Before you dismiss me as the crazy shoe lady, perhaps I should clarify a bit. As someone who once took a 67 percent pay cut to serve the urban poor, I’ve spent much of my life thinking about ways to maximize social impact. In addition to joining Peter Singer’s campaign to give to the bottom billion, I pretty much donated everything I could get my hands on as a child, at times to my mother’s chagrin: jewelry, jackets, shoes, clothes, toiletries, books, CDs, canned goods, toy, etc. You name it, I probably tried to donate it at one point or another—though I tried most vigorously if the item happened to be, say, my piano workbook.
So I was horrified when I discovered that my donations could sometimes not only fail to help but actually hurt the very people whom I was trying to help. For example, donations of old shoes can not only exacerbate health conditions but also hurt local entrepreneurs by disrupting local shoe markets. Simply put, good intentions aren’t enough, and high-impact giving requires a thoughtful, thorough understanding of concepts such as return on investment, the market landscape and stakeholder analysis.
Ultimately, the desire to fortify my good intentions with quantitative analysis and empirically based decision-making skills led me to Yale, where I could hone these abilities in a context that engages students in achieving both business and social impact. And I realized during class this week that I am getting exactly what I came for.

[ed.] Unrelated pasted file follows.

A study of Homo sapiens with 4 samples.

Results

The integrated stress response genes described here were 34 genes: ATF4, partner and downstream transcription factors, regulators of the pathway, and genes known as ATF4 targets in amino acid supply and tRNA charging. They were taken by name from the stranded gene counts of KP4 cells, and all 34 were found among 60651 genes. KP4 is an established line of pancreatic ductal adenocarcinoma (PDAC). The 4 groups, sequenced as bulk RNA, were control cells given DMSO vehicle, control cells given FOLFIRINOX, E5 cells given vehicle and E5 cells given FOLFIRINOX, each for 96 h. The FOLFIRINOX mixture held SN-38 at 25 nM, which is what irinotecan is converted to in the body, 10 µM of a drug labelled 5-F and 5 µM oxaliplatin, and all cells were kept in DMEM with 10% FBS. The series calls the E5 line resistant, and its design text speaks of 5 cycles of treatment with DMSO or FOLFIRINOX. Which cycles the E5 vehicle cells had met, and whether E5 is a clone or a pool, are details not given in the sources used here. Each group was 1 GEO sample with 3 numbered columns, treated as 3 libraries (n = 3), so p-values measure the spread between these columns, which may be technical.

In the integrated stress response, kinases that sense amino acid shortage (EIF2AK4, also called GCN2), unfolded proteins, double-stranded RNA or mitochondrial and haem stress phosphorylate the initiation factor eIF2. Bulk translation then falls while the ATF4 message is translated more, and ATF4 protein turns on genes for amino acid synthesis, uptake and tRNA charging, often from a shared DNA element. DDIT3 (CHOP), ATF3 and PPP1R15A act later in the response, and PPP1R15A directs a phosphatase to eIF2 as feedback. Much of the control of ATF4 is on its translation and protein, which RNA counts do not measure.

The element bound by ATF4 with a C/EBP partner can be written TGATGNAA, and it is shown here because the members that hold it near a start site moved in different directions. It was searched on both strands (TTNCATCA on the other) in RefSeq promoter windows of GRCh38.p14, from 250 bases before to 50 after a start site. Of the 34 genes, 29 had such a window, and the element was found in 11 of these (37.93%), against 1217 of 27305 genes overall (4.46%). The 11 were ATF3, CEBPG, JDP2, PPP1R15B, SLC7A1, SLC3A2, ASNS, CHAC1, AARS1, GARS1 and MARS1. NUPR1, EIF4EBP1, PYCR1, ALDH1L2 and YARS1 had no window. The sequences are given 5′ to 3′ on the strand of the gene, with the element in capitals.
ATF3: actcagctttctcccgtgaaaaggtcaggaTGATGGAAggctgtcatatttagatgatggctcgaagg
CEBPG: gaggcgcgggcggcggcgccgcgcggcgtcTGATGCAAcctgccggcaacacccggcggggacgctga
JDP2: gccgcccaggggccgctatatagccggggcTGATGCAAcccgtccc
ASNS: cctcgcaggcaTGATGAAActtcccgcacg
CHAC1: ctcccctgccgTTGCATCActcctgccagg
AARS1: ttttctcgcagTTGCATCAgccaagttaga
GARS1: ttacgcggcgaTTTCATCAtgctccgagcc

In my “Managing Social Enterprises” elective yesterday, we were walking through examples of discounted cash flows in social return on investment (SROI) calculations when traumatic flashbacks of first-year finance came back to haunt me. (Terminal values and risk premiums aren’t really my thing; upon being invited last winter to TA for a class on that subject, I emailed my own TAs and asked if the professors were playing a cruel joke. “This isn’t funny, guys,” I wrote.)
Yet, flashbacks notwithstanding, I loved how these concepts facilitate the derivation of enterprise and social purpose values in an SROI analysis. As imperfect and emergent as it is, the SROI analysis marks one step toward identifying high-impact programming and, therefore, informed and effective giving.
In other words, it could mean the metaphorical end of those dreadful old shoe donations…. And I understand how it works!
I couldn’t be more excited. I pumped my fists as I walked out of class. In my non-donated shoes, of course.